Faced with shrinking U.S. defense spending, aerospace giant Boeing (NYSE:BA) plans to pull the plug on its Wichita, Kan., plant, impacting more than 2,000 employees.
The Wichita facility, which has been building aircraft since 1929, is part of Boeing's defense, space and security apparatus, or BDS. Employing more than 2,160 workers, the plant had been the company's base for its global transport executive systems business as well as its B-52 and 767 International Tanker programs.
However, the facility had been hit with program closures and the winding down of contracts over the past five years.
"The site does not have enough sustainable business on the horizon to create an affordable cost structure to maintain and win new business," Boeing said in a statement.
Boeing said future aircraft maintenance, modification and support work will be conducted at its San Antonio facility. The transitions to the new facility will begin in the coming months.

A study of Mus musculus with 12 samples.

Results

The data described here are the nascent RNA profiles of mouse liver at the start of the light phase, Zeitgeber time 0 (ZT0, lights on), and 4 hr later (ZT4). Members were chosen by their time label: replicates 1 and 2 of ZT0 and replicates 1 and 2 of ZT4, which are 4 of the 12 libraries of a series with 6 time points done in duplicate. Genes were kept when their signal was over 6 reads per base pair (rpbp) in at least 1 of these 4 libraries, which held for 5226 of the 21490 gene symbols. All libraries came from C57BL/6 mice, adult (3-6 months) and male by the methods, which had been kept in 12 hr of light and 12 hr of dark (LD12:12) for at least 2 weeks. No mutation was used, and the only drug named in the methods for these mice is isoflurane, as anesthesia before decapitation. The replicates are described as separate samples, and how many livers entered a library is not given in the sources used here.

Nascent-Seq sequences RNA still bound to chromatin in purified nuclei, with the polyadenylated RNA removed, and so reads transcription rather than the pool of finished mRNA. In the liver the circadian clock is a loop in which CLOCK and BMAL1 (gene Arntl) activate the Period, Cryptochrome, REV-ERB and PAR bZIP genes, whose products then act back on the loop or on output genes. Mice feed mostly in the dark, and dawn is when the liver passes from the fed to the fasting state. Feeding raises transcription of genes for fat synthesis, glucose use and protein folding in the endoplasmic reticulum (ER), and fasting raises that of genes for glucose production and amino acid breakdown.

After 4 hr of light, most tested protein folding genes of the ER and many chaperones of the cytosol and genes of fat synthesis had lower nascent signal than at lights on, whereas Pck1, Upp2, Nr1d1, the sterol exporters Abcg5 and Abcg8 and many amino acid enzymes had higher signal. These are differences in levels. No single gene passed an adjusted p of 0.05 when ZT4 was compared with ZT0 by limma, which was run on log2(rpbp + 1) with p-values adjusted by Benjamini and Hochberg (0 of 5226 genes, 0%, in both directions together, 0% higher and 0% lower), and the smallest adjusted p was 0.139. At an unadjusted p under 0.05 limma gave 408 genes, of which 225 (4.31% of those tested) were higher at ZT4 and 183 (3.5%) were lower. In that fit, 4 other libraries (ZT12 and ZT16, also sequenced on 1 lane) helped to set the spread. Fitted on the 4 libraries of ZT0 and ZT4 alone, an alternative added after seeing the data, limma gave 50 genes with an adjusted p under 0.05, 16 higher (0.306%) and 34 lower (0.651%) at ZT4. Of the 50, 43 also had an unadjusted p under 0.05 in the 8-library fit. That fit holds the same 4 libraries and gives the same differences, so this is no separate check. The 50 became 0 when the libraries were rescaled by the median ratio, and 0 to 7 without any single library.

"We recognize how this will affect the lives of the highly skilled men and women who work here, so we will do everything possible to assist our employees, their families and our community through this difficult transition," said Mark Bass, vice president and general manager for BDS' maintenance, modifications and upgrades division.
Boeing said it will provide workers with retirement seminars, job search resources, financial counseling and help finding work inside or outside of Boeing.
Due to concerns over the government’s bloated budget, the U.S. military is facing an extra $450 billion plunge in spending through 2021. The loss of that revenue is likely to decrease military orders for pricey aircraft and other technology manufactured by Boeing, Lockheed Martin (NYSE:LMT) and other defense contractors.
"In this time of defense budget reductions, as well as shifting customer priorities, Boeing has decided to close its operations in Wichita to reduce costs, increase efficiencies, and drive competitiveness," said Bass.
Boeing said despite the Wichita closure, it values its long-term partnership with Kansas, where it spent more than $3.2 billion with about 475 suppliers last year. Bass said the company anticipates "even more growth" for suppliers in the state, based on current projections.
Shares of Boeing were recently off 0.19% to $74.08, mirroring slight declines in the broader markets.